St. Ann's Warehouse, the esteemed Brooklyn theater whose unique space has attracted acting troupes from across the world, may be homeless by next year.
After learning that their current location, at 38 Water Street in DUMBO, would be redeveloped into condos and a middle school, St. Ann's made an impressive proposal to the National Park Service to take over the 25,000 square foot, roofless (and barely used) Tobacco Warehouse across the street.
But after the NPS gave St. Ann's the go-ahead for the move in April, a trio of community organizations (the Brooklyn Heights Association, the Fulton Ferry Landing Association and the New York Landmarks Conservancy) filed suit in court, claiming the NPS illegally took the Tobacco Warehouse out of the protected boundaries of Empire Fulton Ferry State Park, therefore nullifying their agreement with St. Ann's. A federal judge agreed, ruling that St. Ann's could not move into the Tobacco Warehouse after all.
And now, St. Ann's really has nowhere to go. The New York Times reports that St. Ann’s, without a Plan B, will join the likes of the New York City Opera and the theater company Performance Space 122, in facing a nomadic future until a permanent site can be found or a new space built, both processes that could take years.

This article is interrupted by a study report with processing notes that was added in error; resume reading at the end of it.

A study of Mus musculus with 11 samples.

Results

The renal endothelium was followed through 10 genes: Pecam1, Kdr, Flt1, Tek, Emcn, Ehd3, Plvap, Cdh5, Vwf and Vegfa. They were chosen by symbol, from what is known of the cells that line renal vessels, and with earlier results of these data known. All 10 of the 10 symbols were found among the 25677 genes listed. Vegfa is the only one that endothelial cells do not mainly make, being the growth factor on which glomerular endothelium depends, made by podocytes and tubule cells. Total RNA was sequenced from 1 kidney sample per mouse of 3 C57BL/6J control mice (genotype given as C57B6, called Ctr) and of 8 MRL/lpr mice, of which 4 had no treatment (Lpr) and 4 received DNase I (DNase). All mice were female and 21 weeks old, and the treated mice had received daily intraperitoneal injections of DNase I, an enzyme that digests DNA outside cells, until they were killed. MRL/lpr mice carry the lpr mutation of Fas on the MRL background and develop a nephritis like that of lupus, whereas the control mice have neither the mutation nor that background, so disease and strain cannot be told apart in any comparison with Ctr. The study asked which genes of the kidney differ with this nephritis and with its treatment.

St. Ann's director Susan Feldman tells the Times:
When we won approval to move into the Tobacco Warehouse, you had a few people in Brooklyn who felt such defeat and anger that they are now fighting all-out to keep this space as a ruin, an urban ruin.
It leaves us maybe having to leave Dumbo. Perhaps even leaving Brooklyn. None of us want that, but the theater we do at St. Ann’s doesn’t easily fit into pre-existing spaces that we’ve seen, and we want to continue to do that work.
And Jim Walden, lawyer for the community groups whose lawsuit effectively put St. Ann's on the street, offered a different perspective:
We don’t think it’s a good idea for governments to just give away national landmarks to organizations that they like, if those are good organizations, because eventually there will be a person in charge who is giving landmarks to an organization that you don’t like. What you need is the same standardized process that has integrity and is followed in all decisions like this.
The Tobacco Warehouse, sitting just North of the Brooklyn Bridge, was built in the 1870s as a tobacco customs inspection center, and saved from demolition in 1998, according to Brroklyn Bridge Park Conservancy.